An Iraqi police officer watches cars at a checkpoint
An Iraqi police officer watches cars at a checkpoint in July 2011 in Baghdad, Iraq. Police arrested at least eight people on Thursday in connection with the murder of 22 Shiite Muslim pilgrims en route to Syria from a holy city in south Iraq, officials said. © Spencer Platt - AFP/Getty Images/File
An Iraqi police officer watches cars at a checkpoint
AFP
Last updated: September 16, 2011

Iraq arrests eight over slaying of Shiite pilgrims

Police arrested at least eight people on Thursday in connection with the murder of 22 Shiite Muslim pilgrims en route to Syria from a holy city in south Iraq, officials said.

The victims had been passengers on a bus on Monday evening from the shrine city of Karbala passing through Anbar province, long a stronghold of Sunni insurgents and Al-Qaeda's front group in Iraq, when their vehicle was stopped by gunmen and they were killed.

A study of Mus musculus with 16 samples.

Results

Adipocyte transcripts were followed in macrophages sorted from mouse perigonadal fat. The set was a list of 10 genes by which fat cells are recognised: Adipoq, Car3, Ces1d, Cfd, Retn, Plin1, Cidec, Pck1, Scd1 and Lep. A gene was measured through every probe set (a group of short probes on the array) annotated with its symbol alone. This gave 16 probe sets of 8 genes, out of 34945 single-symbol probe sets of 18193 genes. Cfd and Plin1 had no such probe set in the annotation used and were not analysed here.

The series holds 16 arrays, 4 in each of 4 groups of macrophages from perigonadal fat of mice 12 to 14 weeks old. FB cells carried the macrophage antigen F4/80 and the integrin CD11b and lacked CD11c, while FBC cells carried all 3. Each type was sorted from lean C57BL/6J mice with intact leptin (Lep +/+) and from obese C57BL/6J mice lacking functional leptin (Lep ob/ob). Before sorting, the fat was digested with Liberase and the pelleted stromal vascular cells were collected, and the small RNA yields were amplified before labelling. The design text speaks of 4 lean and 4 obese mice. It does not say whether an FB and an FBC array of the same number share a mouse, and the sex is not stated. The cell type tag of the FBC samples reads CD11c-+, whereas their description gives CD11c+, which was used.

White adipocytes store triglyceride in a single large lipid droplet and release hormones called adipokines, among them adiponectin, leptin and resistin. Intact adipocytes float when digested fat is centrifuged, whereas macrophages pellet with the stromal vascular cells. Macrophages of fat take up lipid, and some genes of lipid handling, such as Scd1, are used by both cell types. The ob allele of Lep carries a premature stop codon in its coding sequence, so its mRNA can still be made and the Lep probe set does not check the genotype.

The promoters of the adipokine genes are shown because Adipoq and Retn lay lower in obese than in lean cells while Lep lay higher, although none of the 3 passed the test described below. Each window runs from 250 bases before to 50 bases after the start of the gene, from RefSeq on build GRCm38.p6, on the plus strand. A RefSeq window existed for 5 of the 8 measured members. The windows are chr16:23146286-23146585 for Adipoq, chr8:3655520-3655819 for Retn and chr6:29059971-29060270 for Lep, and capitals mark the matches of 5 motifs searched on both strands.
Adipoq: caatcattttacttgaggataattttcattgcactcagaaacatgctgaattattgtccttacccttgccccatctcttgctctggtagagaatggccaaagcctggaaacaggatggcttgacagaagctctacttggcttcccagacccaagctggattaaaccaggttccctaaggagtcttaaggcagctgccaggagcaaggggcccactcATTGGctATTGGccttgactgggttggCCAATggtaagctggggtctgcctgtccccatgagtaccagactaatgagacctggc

"Elite police from Karbala arrested eight suspects over the crime in Nukhaib," said Nusaif Jassim al-Khitabi, deputy chief of Karbala provincial council, referring to the area where the attack took place.

"They are still being held. They were all arrested in Anbar."

An official in Anbar's provincial council, meanwhile, said 20 people, including two clerics, were detained and were all still being held.

In Monday's attack, gunmen dressed in military and police uniforms set up a fake checkpoint and made the bus passengers disembark before killing all the men and fleeing the scene, officials said.

The bus was one of the daily services departing from Karbala carrying Shiite pilgrims bound for Syria. On its way to Iraq's western neighbour, it must pass through the desert region of Anbar.

Since the US-led invasion of 2003, mainly Sunni Anbar has been a stronghold of Al-Qaeda, whose members have killed numerous Iraqis and foreigners travelling the roads to Jordan and Syria.

While tribal militias have cracked down on the insurgents since 2007, they have not completely eliminated them.

Also on Thursday, Ahmed Abu Risha, whose brother founded the first Sunni tribal militia that joined forces with the US military against Al-Qaeda, called on Iraqi Prime Minister Nuri al-Maliki to hand over responsibility for security in Anbar to the militiamen, known as the Sahwa.

He told Al-Sharqiya television that Iraqi security forces could not handle security in the province, and the Sahwa should take over instead.